Poultry producers face a complex and challenging task in achieving net zero carbon targets, delegates heard at Poultry.Network Live.
Significant drawbacks in replacing soya, and the conflicting demands between environmental issues, welfare and consumer expectations offered no easy solution, said Phil Bicknell, of research body CIEL.
“We know that our industry faces some significant challenges when it comes to net zero and sustainability.
“Work that we did back in 2020 showed that even if we saw broad uptake across the agricultural sector of technologies that are available to us right now, we don’t even get halfway to our net zero ambitions,” he said.
“The key point is across the board, as an industry, we don’t have any silver bullets.”
A recent report from CIEL showed that the poultry sector had a relatively small carbon footprint compared with other livestock sectors.
Feed production, processing and transport are the main contributors for both broilers and layers.
He said that improving efficiency was going to be the most effective route to lowering carbon emissions, and the poultry sector already had a phenomenal track record in achieving that.
At the forefront of future improvements was a focus on alternative protein sources, particularly in the long term.
He suggested that alternatives such as insect meal, algae, and microbial proteins might have potential.
“However, there’s a big challenge in the regulatory changes that would need to happen to facilitate some of that.”
As part of any move away from soya, there was also an issue reconciling carbon footprints on-farm with the national carbon emissions inventory.
“Ingredients for livestock feed often come from other countries. This really needs thinking about because the national inventory calculations are done at country level.
“The calculations for soya production are made in the US, Brazil or Argentina, so they don’t count towards lowering the UK targets,” explained Mr Bicknell.
“That’s an issue that really needs addressing, and policymakers need to recognise that actions that we take here in the UK need to count towards the UK inventory.
Also, soya was a pretty effective feed, and it shouldn’t necessarily be the case that soya was viewed so negatively.
Modelling carried out by CIEL had shown that switching from soya to homegrown proteins produced emissions gains that were relatively marginal and not the quick win anticipated.
That said, Mr Bicknell added many environmental commentators who offer their views on food and farming regularly forget this was all about making marginal gains.
Another difficulty was the impact of higher welfare systems on carbon emissions.
“We know that the more intensive production types across all livestock systems have a lower carbon footprint, but we also know that this is an issue for shoppers and faces scrutiny from some pretty vocal lobbying groups.”
Moving to barn and free-range egg systems typically meant a higher carbon footprint.
There was similar pressure in broilers to move to slower-growing birds, with another potential increase.
“Environment, efficiency and shopper expectations can often overlap, but we can’t shy away from when they contradict,” he said.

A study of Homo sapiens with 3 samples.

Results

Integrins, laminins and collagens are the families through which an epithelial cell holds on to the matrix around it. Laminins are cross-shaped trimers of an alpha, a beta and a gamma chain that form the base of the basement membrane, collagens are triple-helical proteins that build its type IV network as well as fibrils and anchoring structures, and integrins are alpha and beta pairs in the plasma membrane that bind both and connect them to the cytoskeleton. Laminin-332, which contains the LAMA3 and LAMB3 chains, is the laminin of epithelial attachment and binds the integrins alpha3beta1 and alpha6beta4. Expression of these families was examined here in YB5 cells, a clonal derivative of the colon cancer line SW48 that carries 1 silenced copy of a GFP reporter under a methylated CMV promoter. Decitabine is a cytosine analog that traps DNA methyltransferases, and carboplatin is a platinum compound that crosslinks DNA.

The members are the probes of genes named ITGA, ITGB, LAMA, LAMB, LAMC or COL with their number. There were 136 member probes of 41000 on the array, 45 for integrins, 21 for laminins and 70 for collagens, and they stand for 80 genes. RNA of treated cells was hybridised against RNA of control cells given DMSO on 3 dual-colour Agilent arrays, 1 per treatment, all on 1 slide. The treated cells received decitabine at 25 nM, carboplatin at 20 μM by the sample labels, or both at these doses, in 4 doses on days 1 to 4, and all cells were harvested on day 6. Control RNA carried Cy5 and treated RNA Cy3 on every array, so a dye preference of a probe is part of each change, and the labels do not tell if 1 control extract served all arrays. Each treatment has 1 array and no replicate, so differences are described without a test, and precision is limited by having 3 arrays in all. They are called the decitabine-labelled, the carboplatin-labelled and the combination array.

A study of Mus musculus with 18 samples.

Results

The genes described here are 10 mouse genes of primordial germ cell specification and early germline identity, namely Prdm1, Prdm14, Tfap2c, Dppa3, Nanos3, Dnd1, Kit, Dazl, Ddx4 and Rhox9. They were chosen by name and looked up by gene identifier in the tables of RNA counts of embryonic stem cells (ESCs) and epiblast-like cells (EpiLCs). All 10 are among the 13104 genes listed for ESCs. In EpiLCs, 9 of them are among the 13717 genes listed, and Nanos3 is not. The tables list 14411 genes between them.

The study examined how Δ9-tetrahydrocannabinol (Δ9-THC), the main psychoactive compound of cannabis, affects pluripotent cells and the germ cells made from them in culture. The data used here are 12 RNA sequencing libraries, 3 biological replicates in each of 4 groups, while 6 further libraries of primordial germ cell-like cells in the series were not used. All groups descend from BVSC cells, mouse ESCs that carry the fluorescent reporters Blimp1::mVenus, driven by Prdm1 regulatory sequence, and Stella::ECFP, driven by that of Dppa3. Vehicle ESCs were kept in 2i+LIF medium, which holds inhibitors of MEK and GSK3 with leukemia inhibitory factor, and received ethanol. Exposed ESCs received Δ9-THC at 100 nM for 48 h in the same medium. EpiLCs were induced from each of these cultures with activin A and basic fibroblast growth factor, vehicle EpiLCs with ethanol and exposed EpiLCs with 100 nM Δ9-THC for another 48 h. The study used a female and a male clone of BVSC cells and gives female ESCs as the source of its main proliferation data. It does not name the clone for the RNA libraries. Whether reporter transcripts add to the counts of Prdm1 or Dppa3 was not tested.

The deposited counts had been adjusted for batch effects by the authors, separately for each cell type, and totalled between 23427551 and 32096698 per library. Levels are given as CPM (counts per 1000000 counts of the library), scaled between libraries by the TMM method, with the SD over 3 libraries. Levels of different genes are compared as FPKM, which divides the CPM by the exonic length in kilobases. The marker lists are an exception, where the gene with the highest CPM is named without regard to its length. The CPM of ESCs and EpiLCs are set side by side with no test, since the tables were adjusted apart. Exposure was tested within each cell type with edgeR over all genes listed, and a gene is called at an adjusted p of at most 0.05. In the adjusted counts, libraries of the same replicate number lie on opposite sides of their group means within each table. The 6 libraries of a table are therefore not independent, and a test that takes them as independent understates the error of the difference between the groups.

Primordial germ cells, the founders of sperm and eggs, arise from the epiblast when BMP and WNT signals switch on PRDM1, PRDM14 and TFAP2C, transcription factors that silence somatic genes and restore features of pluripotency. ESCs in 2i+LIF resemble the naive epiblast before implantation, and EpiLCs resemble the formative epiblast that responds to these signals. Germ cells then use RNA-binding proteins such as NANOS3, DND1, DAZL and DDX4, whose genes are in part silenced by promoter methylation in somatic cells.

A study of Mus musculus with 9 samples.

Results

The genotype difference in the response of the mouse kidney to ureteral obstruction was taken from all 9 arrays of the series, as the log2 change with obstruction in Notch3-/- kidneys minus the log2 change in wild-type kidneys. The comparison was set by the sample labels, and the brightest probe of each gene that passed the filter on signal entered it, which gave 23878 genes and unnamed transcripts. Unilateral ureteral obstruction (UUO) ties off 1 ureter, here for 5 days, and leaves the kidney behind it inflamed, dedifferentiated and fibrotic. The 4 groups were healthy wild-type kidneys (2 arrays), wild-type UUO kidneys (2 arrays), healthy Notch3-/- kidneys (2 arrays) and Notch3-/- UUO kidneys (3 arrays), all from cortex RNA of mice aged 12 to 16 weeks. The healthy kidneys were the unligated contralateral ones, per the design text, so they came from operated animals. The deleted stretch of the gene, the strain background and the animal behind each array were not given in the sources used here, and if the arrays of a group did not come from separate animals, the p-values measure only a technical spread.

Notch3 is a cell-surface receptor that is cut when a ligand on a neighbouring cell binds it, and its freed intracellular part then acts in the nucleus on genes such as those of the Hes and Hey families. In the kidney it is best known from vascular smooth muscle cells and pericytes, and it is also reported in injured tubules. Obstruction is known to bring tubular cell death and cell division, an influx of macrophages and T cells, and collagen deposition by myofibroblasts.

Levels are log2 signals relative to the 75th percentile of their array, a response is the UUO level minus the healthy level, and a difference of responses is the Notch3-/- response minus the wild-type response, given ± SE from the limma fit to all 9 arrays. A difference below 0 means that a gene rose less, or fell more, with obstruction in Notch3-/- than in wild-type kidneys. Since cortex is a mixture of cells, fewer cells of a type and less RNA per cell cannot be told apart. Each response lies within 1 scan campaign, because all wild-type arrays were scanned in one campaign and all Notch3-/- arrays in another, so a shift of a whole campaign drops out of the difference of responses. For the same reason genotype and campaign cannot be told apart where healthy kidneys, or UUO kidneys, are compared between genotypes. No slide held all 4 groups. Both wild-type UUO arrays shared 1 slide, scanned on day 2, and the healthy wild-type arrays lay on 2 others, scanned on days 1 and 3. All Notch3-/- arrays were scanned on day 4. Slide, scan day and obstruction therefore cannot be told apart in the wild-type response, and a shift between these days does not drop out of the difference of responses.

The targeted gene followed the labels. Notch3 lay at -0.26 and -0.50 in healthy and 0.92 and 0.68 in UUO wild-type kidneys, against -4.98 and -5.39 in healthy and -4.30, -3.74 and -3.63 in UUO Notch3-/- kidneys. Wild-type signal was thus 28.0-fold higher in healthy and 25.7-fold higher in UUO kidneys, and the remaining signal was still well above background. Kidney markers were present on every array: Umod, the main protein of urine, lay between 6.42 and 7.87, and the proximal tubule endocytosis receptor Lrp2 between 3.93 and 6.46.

“Moving to less intensive systems can have some advantages, but if nothing else changes, the carbon cost will increase.”
Nick Davies, 2 Sisters Food Group agriculture director, tabled data from their farms showing that broilers’ carbon emissions per kg liveweight were up to 19% higher on organic farms than on standard Red Tractor birds.
For Better Chicken Commitment (BCC) birds, it was 14% higher, and for free-range broilers, 16% higher.
“We’ve got an objective to put slow-growing birds on the ground, but when we show (these figures) to interested parties who want more BCC chicken, they haven’t got the answers on how to mitigate the extra carbon.
“Their objective is animal welfare, not the environment,” said Mr Davies.
Turning to issues with soya, he said: “We know we can grow chickens without soya but haven’t got the infrastructure to scale it up in the volumes we need.”
Sophie Throup, head of sustainable sourcing at Morrisons, pointed out that pressure on retailers wasn’t just coming from carbon emissions but also land use changes.
“Most retailers have signed up to the zero deforestation in their supply chains by 2025,” she said.
Because there was no segregated supply chain between South American and US soya, they had to assume a ‘worst case scenario’.
“It’s about taking soya out of the diet if at all possible, and thinking about alternative sources.”
Morrisons planned to be the first supermarket to be supplied by all net zero farms by 2030, five years ahead of competitors, she said. And as part of their Scope 3 emissions targets, they had to look at what they were buying in.
A key aspect of the supermarket’s recently-introduced planet-friendly eggs was the replacement of soya with live insects.
“We got really excited when one of our farmers came to us with an appraisal he had seen about replacing or reducing soya with live insects.
“We haven’t got the legislation in this country to think about insect meal being fed, but we can feed live insects.
“We are taking food waste from our factories and we are sending that to be processed and fed to insects, which are being fed to hens – a groundbreaking ‘circular waste’ technology.”